Greece awaits crucial EU summit on Sunday
10/Jul/2015 • Currency Updates•
Cable traded within a narrow band for much of the day yesterday, with Sterling ending the London trading session 0.1% lower versus the Dollar.
The Pound recovered from its one month low yesterday, with the currency gaining some support from Wednesday’s budget, which in the end turned out to be not as fiscally tight as many investors had anticipated. As expected there were no surprises at the latest Bank of England monetary policy meeting, with rates kept at hold for another month at 0.5%. The announcement was once again a non-event, with the central bank also maintaining the level of its quantitative easing programme, known as the Asset Purchase Facility, constant at £375 billion. However, given a strong labour market, improved growth and rising wages far above inflation, we still expect the Bank of England to start hiking rate in the first quarter of next year. This, despite words last week from Mark Carney, who claimed events in Greece could present risks to the UK economy.
In the UK this morning, the Office National Statistics will be releasing the latest trade balance data for Britain, in the only major data release of the day.
The Euro continued to remains mostly unfazed by events in Greece yesterday, although ended lower against the US Dollar by 0.6%.
Despite voting overwhelmingly against last Sunday’s proposals from creditors, it was reported yesterday that Prime Minister Tsipras was planning 12 billion Euros worth of tax rises; the worst dose of austerity in Greece so far. Meanwhile, President of the European Central Bank Mario Draghi voiced unusual doubts about the chances of rescuing Greece from its current debt crisis. Traders will await Sunday’s summit, set to include all 28 EU members, which is being billed as Greece’s final opportunity to stay in the Euro.
Earlier in the day, the trade balance in Germany was released. The balance continued to swell un-expectedly in May, reaching a fresh record high of 22.8 billion Euros, an encouraging sign for eco-nomic growth in Europe’s largest economy. The highest trade surplus since records began in 1991 came about following a 1.7% increase in exports, far outpacing the 0.4% rise in imports over the same time period.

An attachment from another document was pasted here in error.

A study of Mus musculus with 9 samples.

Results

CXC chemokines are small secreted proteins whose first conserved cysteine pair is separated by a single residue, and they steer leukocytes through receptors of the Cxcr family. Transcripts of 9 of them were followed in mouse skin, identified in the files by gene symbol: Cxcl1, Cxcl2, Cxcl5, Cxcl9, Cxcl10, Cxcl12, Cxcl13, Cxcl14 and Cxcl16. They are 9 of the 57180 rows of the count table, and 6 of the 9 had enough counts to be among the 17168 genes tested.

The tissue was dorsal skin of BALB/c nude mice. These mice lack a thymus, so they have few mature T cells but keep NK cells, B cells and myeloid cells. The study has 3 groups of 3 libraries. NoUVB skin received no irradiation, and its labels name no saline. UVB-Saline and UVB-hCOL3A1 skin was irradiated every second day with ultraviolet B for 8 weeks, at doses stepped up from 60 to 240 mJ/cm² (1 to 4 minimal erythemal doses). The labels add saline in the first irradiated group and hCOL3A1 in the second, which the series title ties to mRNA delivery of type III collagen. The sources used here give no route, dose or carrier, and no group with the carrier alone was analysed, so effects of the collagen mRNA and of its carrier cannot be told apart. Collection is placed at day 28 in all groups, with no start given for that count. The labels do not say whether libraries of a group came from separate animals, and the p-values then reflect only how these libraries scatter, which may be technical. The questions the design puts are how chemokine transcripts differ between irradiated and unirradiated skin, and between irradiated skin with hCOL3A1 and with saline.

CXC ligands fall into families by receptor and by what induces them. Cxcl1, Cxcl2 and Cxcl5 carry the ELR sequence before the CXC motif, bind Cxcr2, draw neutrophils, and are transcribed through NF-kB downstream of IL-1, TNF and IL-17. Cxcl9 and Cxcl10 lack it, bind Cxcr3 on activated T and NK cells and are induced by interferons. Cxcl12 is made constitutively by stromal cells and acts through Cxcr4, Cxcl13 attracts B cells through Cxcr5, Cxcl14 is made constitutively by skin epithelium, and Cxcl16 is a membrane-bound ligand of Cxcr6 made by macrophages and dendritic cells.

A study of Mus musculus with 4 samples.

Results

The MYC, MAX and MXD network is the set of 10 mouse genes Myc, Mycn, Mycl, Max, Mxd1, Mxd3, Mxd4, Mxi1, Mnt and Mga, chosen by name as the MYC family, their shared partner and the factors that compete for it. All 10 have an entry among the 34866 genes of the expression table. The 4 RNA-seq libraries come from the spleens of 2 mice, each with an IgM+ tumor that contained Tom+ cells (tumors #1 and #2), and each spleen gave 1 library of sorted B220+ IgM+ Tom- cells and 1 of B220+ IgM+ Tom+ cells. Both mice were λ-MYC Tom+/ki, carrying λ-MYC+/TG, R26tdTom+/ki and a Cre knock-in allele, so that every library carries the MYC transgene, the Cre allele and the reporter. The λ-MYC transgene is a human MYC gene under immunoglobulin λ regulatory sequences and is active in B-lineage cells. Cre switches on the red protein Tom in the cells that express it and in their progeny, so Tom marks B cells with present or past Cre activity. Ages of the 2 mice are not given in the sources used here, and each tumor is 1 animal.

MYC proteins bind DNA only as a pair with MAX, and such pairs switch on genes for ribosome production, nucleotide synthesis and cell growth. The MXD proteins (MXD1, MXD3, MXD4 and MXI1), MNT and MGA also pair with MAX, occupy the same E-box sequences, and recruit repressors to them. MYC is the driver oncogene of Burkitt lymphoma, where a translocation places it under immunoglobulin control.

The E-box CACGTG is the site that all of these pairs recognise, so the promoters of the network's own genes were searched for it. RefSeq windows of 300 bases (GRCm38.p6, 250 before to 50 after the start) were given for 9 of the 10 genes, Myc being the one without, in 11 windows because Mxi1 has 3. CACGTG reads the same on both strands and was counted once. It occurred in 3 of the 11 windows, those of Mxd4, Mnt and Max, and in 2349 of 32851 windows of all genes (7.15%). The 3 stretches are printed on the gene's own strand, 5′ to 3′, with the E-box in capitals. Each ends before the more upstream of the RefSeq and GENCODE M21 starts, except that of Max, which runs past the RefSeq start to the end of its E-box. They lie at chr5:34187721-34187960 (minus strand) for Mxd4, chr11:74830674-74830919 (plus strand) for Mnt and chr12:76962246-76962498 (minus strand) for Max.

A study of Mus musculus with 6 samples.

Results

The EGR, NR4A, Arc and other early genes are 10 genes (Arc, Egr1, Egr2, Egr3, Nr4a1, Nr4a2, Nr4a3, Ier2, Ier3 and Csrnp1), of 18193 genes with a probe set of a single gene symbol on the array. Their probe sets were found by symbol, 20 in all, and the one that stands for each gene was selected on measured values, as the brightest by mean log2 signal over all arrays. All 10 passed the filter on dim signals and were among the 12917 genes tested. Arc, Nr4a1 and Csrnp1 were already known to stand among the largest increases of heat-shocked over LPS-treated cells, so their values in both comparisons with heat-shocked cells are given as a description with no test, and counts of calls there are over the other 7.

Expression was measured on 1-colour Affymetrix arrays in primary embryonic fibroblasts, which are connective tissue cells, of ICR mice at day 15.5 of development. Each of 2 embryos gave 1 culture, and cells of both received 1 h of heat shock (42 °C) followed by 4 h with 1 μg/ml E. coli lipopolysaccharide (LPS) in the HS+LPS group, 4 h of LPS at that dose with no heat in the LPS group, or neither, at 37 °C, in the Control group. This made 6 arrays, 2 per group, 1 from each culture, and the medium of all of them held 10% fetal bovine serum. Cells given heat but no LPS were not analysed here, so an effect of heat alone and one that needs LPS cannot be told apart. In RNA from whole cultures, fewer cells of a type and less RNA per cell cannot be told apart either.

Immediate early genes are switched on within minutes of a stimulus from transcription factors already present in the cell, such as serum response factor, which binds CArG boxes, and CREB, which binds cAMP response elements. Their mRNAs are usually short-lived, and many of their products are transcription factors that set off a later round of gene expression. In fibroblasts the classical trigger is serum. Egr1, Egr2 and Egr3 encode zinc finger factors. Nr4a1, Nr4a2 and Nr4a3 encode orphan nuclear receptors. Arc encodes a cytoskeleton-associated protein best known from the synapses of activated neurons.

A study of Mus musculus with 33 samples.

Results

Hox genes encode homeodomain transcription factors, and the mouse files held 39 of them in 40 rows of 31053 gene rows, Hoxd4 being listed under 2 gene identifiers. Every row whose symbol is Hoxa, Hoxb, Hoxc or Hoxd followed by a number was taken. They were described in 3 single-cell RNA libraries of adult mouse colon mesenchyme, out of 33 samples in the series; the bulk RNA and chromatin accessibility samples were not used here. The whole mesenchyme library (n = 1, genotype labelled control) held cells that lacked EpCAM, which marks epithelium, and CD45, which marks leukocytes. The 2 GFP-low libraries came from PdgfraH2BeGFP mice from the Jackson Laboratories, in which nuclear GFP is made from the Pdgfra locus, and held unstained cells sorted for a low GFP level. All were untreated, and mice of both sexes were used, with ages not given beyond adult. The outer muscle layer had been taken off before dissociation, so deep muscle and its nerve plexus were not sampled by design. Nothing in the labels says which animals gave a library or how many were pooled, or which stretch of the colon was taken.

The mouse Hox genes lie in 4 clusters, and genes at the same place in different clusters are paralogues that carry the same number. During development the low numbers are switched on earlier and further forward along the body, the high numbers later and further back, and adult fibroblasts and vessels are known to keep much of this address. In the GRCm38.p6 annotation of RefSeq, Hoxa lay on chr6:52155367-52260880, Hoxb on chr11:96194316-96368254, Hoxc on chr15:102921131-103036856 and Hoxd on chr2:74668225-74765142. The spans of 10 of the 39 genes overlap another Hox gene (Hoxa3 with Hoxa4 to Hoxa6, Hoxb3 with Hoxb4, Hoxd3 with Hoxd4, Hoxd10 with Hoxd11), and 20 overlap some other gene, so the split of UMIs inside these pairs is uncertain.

Focus remains on Greece ahead of Sunday’s crucial EU summit. Germany’s wholesale price index and industrial output data in France will also be worth noting this morning.
The US Dollar appreciated against most of its major counterparts yesterday, despite weak labour data, to end the day 0.4% higher against its trade weighted basket of currencies.
The weekly jobless claims figures disappointed expectations somewhat yesterday, increasing well above forecast last week. Initial jobless claims increased by 297,000, its highest since as far back as the week of 28th February, after economist had anticipated a 275,000 increase. However, claims are likely to have been boosted by seasonal adjustment problems triggered by the Independence Day holiday on 4th July, and so claims are expected to revert back to around the 280k range in the coming weeks. In the same report, continuing jobless claims, which runs on a one week lag, also increased unexpectedly, rising to 2.334 million from a revised 2.265 million.
Today will be a mostly quiet end to the week in the US economy, with few announcements of any note. Federal Reserve Chair Janet Yellen will, however, be making a speech on US economic outlook in Cleveland at around 5pm UK time.
Rest of the world
The International Monetary Fund downgraded its forecasts for global economic growth yesterday, to 3.3% from the 3.5% it predicted back in April. The IMF highlighted first quarter weakness in the US economy, although expects prospects for next year to remain undimmed, despite Greece’s debt crisis.